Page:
The yuletide season is a time for celebration, giving to others, family... and overused holiday cliches dominating the television landscape. How many different adaptations can we have of Charles Dickens' A Christmas Carol? The answer is infinite. Yes, apparently, we can have infinite reboots, remakes, and reimaginings of the famous Christmas novel, since they happen every holiday season like clockwork.
And it isn't just good ol' Ebeneezer Scrooge who gets trotted out every year like a Rudolph lawn ornament. Here's a handy guide to all the best Christmas cliches you can look forward to this (and every) holiday season.
Classic Story Retreads
The aforementioned Christmas Carol is definitely the go-to story. Who doesn't love a grouchy old miser figuring out it's better to be a nice person than to die alone? Also, be on the lookout for The Gift of the Magi, It's a Wonderful Life, and Miracle on 34th Street.
Two of the weirder classic story reimaginings were definitely Aqua Teen Hunger Force's "Cybernetic Ghost of Christmas Past from the Future" and Married... With Children's "It's a Bundyful Life," but they are hardly the only ones.
Other offenders include: Ally McBeal, Beverly Hills, 90210, The Big Bang Theory, Blossom, Boy Meets World, A Different World, Doctor Who, The Facts of Life, Family Ties, Moonlighting, Night Court, The O.C., Party of Five, Perfect Strangers, Quantum Leap, Raising Hope, Who's the Boss, WKRP in Cincinnati, and Xena: Warrior Princess... to name just a few.
The birth of Jesus is the reason for the season for a lot of folks, so TV likes to lean into it with lots of symbolic births to tug at the emotional heartstrings. Touched by an Angel did one that involved actual angels reuniting a family as a woman gave birth on Christmas Eve.
You might not think death and the holidays go together like mistletoe and holly, but losing a loved one is a popular storyline to wring the most tears out of TV drama viewers. Downton Abbey might take the cake, since its season three Christmas special killed off a beloved character right after he became a father. RIP, Matthew (Dan Stevens).
Just because it's a cliche doesn't mean it can't be fun. This is one of the fun ones. As long as dysfunctional families don't veer off into abusive behavior, who doesn't love to watch loved ones fight it out over the roast beast? Veronica Mars does this particularly well with "An Echolls Family Christmas," which sees Aaron Echolls's (Harry Hamlin) mistress pose as a waitress for his wife's annual holiday gala and then stab him just as the carolers begin singing "Here We Come A-wassailing." Happy holidays!
Obviously, homelessness is a serious problem, especially during the winter months. But TV writers just love to have their characters learn a valuable lesson from a homeless person during the holidays, which is usually done with all the subtlety of an anvil. The best one absolutely has to be Juliana Hatfield as the magical Christmas angel/street corner busker on My So-Called Life because it was just so ridiculous.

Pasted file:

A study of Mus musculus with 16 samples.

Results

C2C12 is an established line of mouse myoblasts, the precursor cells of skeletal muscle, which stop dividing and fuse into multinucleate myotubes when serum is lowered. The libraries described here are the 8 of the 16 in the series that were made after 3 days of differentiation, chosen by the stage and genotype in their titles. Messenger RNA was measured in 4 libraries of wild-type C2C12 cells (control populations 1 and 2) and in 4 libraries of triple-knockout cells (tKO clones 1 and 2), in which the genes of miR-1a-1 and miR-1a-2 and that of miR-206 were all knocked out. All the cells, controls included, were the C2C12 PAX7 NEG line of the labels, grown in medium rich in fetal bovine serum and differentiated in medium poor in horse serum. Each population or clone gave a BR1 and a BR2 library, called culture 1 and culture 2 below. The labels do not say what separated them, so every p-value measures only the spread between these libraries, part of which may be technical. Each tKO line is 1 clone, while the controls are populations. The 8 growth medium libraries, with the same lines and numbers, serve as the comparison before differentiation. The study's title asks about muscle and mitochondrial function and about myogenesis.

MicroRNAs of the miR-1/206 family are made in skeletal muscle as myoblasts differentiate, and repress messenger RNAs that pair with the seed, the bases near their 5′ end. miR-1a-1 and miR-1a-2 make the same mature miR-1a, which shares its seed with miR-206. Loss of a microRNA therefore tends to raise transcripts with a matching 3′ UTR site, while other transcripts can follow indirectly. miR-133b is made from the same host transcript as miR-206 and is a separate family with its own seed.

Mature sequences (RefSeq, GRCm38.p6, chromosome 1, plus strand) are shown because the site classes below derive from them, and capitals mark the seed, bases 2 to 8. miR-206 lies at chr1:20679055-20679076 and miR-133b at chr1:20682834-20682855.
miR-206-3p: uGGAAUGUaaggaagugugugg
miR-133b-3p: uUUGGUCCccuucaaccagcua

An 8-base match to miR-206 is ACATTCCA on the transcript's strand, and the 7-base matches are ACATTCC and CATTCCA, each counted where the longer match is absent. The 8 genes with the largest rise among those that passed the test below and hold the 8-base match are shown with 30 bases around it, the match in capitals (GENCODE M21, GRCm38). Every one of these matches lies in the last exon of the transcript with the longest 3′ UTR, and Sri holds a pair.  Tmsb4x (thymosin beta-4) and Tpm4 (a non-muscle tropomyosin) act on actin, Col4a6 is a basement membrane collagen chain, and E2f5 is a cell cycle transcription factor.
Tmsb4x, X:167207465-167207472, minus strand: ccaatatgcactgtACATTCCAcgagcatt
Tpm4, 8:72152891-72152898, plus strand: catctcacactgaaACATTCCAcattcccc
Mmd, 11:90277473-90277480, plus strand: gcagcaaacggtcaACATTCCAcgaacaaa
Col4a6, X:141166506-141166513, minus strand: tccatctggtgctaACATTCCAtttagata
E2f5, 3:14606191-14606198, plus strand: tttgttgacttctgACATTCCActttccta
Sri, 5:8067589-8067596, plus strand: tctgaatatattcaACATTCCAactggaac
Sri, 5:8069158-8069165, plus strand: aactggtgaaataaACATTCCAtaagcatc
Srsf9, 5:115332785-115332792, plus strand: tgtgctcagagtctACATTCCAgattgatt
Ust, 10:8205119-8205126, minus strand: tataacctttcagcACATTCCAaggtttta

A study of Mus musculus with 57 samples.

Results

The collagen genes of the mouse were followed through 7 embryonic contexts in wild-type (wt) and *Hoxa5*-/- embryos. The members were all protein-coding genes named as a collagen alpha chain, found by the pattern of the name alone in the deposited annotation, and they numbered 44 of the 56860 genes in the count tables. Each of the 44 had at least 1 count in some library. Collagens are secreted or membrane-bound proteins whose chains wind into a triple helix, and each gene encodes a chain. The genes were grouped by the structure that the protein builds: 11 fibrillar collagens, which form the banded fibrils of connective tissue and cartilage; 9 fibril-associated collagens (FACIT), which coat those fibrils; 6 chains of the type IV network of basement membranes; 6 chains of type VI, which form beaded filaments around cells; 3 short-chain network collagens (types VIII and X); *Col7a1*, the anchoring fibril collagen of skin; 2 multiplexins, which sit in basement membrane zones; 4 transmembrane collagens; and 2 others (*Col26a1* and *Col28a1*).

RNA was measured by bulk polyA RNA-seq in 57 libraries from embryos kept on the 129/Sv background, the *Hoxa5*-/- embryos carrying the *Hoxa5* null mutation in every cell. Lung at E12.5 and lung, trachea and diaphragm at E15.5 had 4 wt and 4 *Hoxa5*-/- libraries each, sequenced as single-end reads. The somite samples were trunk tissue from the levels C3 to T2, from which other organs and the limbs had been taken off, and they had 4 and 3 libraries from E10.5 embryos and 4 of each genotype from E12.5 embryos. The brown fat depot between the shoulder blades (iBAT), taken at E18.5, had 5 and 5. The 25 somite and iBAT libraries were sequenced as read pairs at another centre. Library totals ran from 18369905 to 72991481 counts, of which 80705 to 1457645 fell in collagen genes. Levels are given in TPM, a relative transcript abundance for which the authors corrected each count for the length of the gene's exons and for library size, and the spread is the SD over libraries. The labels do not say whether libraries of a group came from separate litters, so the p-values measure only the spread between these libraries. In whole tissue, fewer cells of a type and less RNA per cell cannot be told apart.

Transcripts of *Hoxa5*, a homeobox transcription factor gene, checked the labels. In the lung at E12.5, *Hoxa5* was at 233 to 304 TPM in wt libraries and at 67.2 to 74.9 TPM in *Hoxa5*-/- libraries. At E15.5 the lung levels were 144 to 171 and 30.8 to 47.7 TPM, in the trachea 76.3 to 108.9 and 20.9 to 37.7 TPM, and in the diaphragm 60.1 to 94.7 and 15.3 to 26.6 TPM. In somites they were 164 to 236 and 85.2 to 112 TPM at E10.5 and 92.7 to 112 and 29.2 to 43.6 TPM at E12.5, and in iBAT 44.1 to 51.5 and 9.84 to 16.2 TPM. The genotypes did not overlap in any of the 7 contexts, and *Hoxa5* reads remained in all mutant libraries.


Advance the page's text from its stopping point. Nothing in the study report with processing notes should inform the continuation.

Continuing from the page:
It is wonderful to recognize other holidays that take place in and around Christmas, like Diwali, Hanukkah, Kwanzaa, Las Posadas or the Winter Solstice. But it has become all the rage in the past 20 or so years either to make a big joke out of holiday hybrids or act like everyone celebrates Christmas and that's that. The O.C., in particular, gave us the way-too-cutesy "Chrismukkah" portmanteau—and let's not forget Friends' infamous Holiday Armadillo.
Men (it's usually men) and their Christmas decorations are great fodder for sitcoms, though obviously, the one to beat all others was National Lampoon's Christmas Vacation. Still, Home Improvement's Tim "The Toolman" Taylor (Tim Allen) did his best to carry on Clark Griswold's (Chevy Chase) tradition.
There are so many great cliches about presents—competitions for the best one, crazy riots at malls emulating the 1980s Cabbage Patch Kids craze, last-minute procrastinators, giving presents the recipient actually hates, people snooping to find their presents. We particularly enjoy the Friends episode where Joey (Matt LeBlanc) and Chandler (Matthew Perry) have to buy their Christmas presents at a gas station because they forgot to get anyone anything.
In most children's programming, Santa is a jolly old man who brings everyone toys. On TV, he's more often a drunk, a thief, or even a dead body — thanks, Bones. In one memorable episode, the Smithsonian crew had to deal with the "The Santa in the Slush," i.e. a dead body in a Santa suit found in a sewer near a mall. Ho ho ho!
Other offenders: Amen, American Horror Story: Asylum, Brooklyn Nine-Nine, Chilling Adventures of Sabrina, Designing Women, Growing Pains, Happy!, It's Always Sunny in Philadelphia, The Librarians, Married... with Children, That '70s Show.
A very clever way to avoid any religious cliches is to just have your characters affected by snow, which usually manifests itself in one of two ways—either they're snowbound together somewhere or there's wondrous snow that no one thought was possible. Probably the most famous heavenly snow is on Buffy the Vampire Slayer, where Angel the vampire's (David Boreanaz) life is saved because of a freak snowstorm. It's a Christmas miracle!